Is Andy Bell over electronic music?
”Then I go insane, I’m bored of this modern town,” Erasure’s gay frontman sings on one track of the band’s new album, Tomorrow’s World. ”Sick of this techno, mono-phonic sound.”
(Photo by Jacob Pitcher)
Technically speaking, there’s not a lot in the way of techno and certainly little mono-phonic sound to be found on Tomorrow’s World. And Bell doesn’t sound bored or sick of the style of pop that he and his bandmate Vince Clarke helped pioneer over two decades ago and still pursues with passion.
All throughout Tomorrow’s World, Bell and Clarke lyrically explore exceptionally complicated themes — struggling with the agony and confusion over love and modern life, the need for escape, and trying to glimpse the future. They’re riddled by insecurity and uncertainty, as you might expect, given that Bell is 47 and Clarke is 51.
Musically speaking, Erasure hasn’t sounded this confident or fresh in nearly two decades. The duo handed over production duties to Vincent Frank, who works under the handle Frankmusik and counts Lady Gaga, Pet Shop Boys and Ellie Goulding as other remix and production clients. That decision pays off handsomely. Frank was born the year the two first teamed up — 1985 — after Clarke had found success as a founding member of Depeche Mode and as part of the short-lived duo Yaz with Alison Moyet, and Bell was new on the scene.
Frank’s youthful vigor helps keep Tomorrow’s World from wallowing too much in middle-aged melancholy or in dated electronic knob-twiddling.
”A Whole Lotta Love Run Riot,” in particular, is as Top 40-ready as any recent electro-pop hit produced by David Guetta or RedOne, right down to its suspended chorus and other dramatic, blip-and-bleep sonic manipulations in the bridge. And then the song just peters out at the end, perfectly capturing the lyrics about a damsel in distress, or someone who can’t keep a man.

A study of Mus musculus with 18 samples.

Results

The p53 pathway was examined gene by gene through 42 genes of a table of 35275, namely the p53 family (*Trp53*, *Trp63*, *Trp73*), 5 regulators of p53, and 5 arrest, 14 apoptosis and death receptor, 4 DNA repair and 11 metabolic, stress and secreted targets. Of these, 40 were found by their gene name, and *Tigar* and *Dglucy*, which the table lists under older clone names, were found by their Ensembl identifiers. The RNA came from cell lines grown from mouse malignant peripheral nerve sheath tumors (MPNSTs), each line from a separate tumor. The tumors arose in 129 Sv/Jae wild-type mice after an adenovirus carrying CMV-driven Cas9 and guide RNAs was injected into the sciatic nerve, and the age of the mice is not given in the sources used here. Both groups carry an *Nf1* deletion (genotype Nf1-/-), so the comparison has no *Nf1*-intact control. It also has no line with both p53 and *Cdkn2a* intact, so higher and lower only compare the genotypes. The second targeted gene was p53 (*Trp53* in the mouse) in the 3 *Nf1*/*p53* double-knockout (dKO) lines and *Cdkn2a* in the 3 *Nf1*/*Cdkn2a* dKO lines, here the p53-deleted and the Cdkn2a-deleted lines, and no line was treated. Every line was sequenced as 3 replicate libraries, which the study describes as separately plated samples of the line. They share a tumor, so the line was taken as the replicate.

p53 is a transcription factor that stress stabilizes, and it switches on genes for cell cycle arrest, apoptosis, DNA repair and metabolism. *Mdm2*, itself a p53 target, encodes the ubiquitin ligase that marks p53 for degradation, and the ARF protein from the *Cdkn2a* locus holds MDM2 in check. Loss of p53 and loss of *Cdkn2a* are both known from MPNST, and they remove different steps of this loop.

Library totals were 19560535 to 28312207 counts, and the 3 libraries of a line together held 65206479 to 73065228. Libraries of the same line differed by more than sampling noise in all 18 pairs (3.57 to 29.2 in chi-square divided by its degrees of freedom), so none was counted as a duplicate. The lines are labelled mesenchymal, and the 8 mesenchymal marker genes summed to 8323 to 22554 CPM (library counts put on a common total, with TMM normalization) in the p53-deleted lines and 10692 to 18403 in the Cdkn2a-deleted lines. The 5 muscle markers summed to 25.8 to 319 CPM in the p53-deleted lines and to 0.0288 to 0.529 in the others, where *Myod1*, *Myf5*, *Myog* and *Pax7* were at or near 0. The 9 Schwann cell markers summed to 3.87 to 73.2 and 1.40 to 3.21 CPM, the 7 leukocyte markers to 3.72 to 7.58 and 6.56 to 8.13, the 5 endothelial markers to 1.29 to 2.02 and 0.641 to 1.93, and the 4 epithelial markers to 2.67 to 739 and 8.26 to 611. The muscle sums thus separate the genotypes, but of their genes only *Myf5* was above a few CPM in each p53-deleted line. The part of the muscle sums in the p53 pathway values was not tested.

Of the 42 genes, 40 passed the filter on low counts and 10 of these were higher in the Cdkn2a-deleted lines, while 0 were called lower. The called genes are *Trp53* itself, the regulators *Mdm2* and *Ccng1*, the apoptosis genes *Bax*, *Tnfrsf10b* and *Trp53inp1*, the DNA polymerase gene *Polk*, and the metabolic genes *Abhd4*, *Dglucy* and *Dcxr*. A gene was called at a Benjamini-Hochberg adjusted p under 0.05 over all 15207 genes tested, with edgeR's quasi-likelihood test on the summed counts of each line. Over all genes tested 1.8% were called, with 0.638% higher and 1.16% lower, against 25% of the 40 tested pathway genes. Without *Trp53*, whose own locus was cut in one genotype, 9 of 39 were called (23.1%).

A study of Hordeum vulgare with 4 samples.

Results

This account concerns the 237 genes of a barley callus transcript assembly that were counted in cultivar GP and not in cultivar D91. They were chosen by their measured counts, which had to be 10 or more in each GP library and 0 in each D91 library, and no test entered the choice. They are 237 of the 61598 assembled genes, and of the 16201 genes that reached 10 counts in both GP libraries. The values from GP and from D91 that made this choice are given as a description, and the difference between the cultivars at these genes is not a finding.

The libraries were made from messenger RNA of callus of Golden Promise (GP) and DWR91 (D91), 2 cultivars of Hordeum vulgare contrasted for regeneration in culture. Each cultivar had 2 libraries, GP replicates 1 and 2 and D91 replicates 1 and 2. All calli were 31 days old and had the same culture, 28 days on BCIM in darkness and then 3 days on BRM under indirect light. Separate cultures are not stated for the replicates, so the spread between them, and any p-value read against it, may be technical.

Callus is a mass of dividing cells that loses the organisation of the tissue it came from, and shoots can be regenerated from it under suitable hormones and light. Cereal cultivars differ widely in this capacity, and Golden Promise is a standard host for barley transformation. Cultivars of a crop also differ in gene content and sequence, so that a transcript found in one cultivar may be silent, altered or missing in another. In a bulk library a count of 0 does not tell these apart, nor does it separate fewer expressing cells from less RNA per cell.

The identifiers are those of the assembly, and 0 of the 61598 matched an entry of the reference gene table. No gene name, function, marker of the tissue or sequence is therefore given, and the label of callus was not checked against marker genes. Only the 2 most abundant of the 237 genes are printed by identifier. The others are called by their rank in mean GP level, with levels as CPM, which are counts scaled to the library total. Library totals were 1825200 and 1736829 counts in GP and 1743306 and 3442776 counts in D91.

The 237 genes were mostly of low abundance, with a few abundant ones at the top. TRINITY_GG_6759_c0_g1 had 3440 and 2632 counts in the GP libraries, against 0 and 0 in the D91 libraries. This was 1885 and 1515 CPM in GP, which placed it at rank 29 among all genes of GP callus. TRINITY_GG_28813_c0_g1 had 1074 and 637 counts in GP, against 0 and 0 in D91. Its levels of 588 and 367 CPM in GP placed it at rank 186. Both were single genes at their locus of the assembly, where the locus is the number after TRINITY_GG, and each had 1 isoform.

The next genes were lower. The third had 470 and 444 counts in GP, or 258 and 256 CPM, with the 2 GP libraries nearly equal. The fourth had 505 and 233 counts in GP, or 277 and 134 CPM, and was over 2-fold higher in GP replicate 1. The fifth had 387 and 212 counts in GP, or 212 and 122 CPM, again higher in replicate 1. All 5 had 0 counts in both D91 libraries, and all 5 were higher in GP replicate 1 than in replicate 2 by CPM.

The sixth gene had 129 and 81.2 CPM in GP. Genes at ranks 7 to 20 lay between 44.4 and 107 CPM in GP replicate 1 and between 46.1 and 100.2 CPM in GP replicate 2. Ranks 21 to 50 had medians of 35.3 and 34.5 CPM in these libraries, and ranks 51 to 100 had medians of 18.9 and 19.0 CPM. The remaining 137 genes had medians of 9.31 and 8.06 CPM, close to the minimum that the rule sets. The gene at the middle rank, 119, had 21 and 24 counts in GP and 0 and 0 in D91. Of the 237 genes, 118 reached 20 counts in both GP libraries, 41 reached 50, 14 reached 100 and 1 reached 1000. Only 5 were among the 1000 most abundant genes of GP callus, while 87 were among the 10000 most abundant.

The short set of just nine songs starts light and bright, with Bell hopelessly in love on ”Be With You.” ”Call me, anytime, just call me,” he sings, in his warm, expressive voice. ”Tell me that you want me, feel it everywhere.” Soon enough, it gets unbearably heavy, as Bell preaches to us on the yawning, gospel-colored ballad ”You’ve Got To Save Me Right Now.”
Fortunately, Frankmusik rights the ship as it sails off to the end. Probably the set’s standout, ”I Lose Myself,” is a punchy track that recalls early Depeche Mode, even a little New Order, as much as it does Erasure. ”I been savaged by the vicious ones, every boy in his low-life corner,” Bell sings. And still, he survives, a measure, he says, of his self-control and inner resolve. ”And I coo over you.” And the world smiles. Please don’t lose yourself any time soon, Andy.
FRANKMUSIK HAS JUST released his second album, Do It In The AM. All told, the set is better than you might expect if you caught the L.A.-based Brit opening for Erasure at the 9:30 Club last month. There, Frankmusik was a bit all over the place, and his hyper, anxious state created a kind of buffer with the audience, especially those unfamiliar with him or his music.
Ultimately, the pleasing new set doesn’t break new ground. The album’s title track is an ode to hedonistic late nights out at a club, performed with Far East Movement. And the set’s new single, the relatively weak ”No I.D.” with Colette Carr, is similarly of-the-moment. ”Blame It On Me” is another modern-sounding gem with hit potential. But even more than contemporaries like Black Eyed Peas, LMFAO or Pitbull, Frankmusik’s music often recalls the late 1990s, an era of cold, heavily syncopated pop. ”The Fear Inside” may make you think of the Backstreet Boys, while ”Running” is N’Sync through and through. And on and on it goes. The 25-year-old musician’s formative years have had significant influence on his sound, it seems.
It’s an interesting contrast: Frankmusik does a stellar job making an established, pioneering electronic band like Erasure sound contemporary and fresh. But so much of his solo work reminds you of the past. It’s the sound of a newcomer still finding his way. At the very least, he’s on the right track.